Parma Cop's Justification For Citing DUI Checkpoint Protester: "we need them to come through the checkpoint to educate them"



Doug Odolecki (right) was cited by Parma police officers (top left, a screen shot from his video) for warning drivers of an impending drunk driving checkpoint
  • Doug Odolecki (right) was cited by Parma police officers (top left, a screen shot from his video) for warning drivers of an impending drunk driving checkpoint

The leader of the Greater Cleveland Cop Block chapter stood on a public sidewalk in his hometown of Parma last week with a sign reading “Check point ahead / Turn now.” Parma police then turned their attention away from indiscriminately stopping drivers to cite him with an extremely vague “obstructing official business” charge, before taking his sign as “evidence” and sending him on his way.

Doug Odolecki is no stranger to Parma police officers. He was featured in an April Scene story about a Cop Block meetup in Cleveland, where we wrote: “The 42-year-old has a penchant for protesting DUI checkpoints — what he calls ‘Papers, please! Checkpoints’ — near his Parma house and in surrounding suburbs. He’ll find out when one’s scheduled and then head down the road and hold up a sign warning motorists of the awaiting presence.”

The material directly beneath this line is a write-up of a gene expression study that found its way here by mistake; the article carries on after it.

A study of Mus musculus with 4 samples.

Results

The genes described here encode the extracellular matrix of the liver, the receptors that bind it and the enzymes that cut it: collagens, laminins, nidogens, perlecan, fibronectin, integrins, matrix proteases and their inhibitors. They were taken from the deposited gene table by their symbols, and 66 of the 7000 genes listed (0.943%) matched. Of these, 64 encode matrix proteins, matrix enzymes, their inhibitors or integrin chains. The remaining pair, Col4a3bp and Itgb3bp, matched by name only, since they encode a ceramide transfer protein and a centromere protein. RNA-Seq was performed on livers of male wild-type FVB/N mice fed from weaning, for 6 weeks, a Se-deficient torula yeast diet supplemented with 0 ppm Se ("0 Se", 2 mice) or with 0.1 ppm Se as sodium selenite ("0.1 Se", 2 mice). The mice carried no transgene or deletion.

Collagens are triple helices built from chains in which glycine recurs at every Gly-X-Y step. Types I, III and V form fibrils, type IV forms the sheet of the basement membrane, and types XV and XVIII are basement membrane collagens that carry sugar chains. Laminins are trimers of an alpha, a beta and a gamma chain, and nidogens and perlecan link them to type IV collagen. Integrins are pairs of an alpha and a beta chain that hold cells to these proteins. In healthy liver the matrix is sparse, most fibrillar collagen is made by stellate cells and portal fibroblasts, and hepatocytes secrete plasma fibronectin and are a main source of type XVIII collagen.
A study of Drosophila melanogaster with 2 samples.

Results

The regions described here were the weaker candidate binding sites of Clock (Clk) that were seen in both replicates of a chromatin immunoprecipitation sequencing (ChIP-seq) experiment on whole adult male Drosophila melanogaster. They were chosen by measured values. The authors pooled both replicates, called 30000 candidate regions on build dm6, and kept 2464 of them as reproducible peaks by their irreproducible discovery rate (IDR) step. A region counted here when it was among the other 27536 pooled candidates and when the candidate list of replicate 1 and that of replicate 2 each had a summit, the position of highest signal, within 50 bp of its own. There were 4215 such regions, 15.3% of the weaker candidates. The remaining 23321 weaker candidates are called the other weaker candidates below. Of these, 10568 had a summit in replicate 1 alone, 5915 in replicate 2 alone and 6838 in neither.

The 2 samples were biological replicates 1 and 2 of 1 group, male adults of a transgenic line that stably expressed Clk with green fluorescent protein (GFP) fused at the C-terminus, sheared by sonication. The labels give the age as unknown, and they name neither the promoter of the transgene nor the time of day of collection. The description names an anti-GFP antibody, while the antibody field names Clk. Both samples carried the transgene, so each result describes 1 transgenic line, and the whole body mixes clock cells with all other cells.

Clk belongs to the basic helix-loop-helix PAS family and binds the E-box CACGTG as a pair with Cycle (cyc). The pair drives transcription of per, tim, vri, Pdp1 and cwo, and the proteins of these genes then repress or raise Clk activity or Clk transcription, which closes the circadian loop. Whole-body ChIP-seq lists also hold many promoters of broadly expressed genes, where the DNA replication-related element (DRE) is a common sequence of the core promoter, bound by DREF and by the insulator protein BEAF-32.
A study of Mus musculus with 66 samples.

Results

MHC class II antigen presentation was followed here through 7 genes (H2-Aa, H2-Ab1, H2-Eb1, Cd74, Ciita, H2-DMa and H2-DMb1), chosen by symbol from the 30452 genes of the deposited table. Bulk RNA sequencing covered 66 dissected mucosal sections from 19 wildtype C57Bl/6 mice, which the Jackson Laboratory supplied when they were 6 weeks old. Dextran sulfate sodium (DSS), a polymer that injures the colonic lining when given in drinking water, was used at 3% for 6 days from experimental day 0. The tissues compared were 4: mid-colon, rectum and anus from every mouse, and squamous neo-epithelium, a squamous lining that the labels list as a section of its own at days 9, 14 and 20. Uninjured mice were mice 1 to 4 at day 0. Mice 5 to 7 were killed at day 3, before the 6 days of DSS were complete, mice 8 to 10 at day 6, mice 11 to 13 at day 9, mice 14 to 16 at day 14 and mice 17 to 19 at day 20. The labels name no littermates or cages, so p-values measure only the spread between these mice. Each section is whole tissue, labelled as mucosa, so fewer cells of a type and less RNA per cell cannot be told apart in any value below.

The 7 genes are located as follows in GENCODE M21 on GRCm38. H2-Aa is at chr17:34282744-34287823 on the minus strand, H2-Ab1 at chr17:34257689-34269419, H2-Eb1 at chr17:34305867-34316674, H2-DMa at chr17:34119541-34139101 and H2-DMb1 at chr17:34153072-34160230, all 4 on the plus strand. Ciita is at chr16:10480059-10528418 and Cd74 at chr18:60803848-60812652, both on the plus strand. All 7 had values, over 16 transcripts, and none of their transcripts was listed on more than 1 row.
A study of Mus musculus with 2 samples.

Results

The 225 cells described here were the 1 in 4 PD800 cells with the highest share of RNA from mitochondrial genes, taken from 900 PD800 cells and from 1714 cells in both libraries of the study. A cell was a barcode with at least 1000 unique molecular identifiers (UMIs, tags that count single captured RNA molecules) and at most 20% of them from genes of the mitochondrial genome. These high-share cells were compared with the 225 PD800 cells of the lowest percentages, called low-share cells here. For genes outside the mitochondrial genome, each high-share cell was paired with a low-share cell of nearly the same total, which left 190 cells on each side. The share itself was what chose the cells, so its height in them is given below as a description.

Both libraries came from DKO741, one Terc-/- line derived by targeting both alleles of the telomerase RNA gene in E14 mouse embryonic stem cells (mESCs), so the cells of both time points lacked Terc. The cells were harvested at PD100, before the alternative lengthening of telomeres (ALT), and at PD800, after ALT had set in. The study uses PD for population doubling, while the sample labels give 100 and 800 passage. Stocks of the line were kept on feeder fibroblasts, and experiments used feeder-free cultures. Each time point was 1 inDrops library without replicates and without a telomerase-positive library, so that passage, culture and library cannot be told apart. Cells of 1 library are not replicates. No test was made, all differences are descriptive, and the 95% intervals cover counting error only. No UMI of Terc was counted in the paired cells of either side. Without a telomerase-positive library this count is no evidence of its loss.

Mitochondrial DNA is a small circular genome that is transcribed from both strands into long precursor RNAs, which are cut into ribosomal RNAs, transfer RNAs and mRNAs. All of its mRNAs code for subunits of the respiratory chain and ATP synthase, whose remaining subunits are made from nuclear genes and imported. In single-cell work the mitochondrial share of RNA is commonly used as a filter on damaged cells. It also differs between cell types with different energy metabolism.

Odolecki, as Cop Blockers advocate, filmed Friday’s interaction with police and uploaded it to YouTube. The 20-minute video starts as two cops approach him on foot.

Without Odolecki filming, we wouldn’t have been able to see one of the officers give one of the most Orwellian explanations for harassing a person doing nothing more than exercising First Amendment rights. Here’s their crazy justification for drunk driving checkpoints: “I’m Lieutenant McCann and I need to advise you, you can stand here with the sign, but you’re going to need to get rid of the ‘turn now.’ Our sobriety checkpoint is all about educating the public and we need them to come through the checkpoint to educate them.” Ka-ching.

After the officers head to their cars to write up the ticket, Odolecki learns the second officer is James Manzo, the cop Odolecki has been asking Parma police about ever since the city settled a brutality lawsuit for $40,000 in March after Manzo bloodied a kid’s head with his flashlight during an arrest. He's the one with the stereotypical cop mustache, with sunglasses on his head at night. As Manzo returns to give Odolecki the ticket and take his sign from him, he calmly asks the cop “What are the laws against smacking people in the back of the head, I’m wondering?”

The “obstructing official business” charge is horse shit, if you were wondering. We’re sure Odolecki is anxiously awaiting his date in court.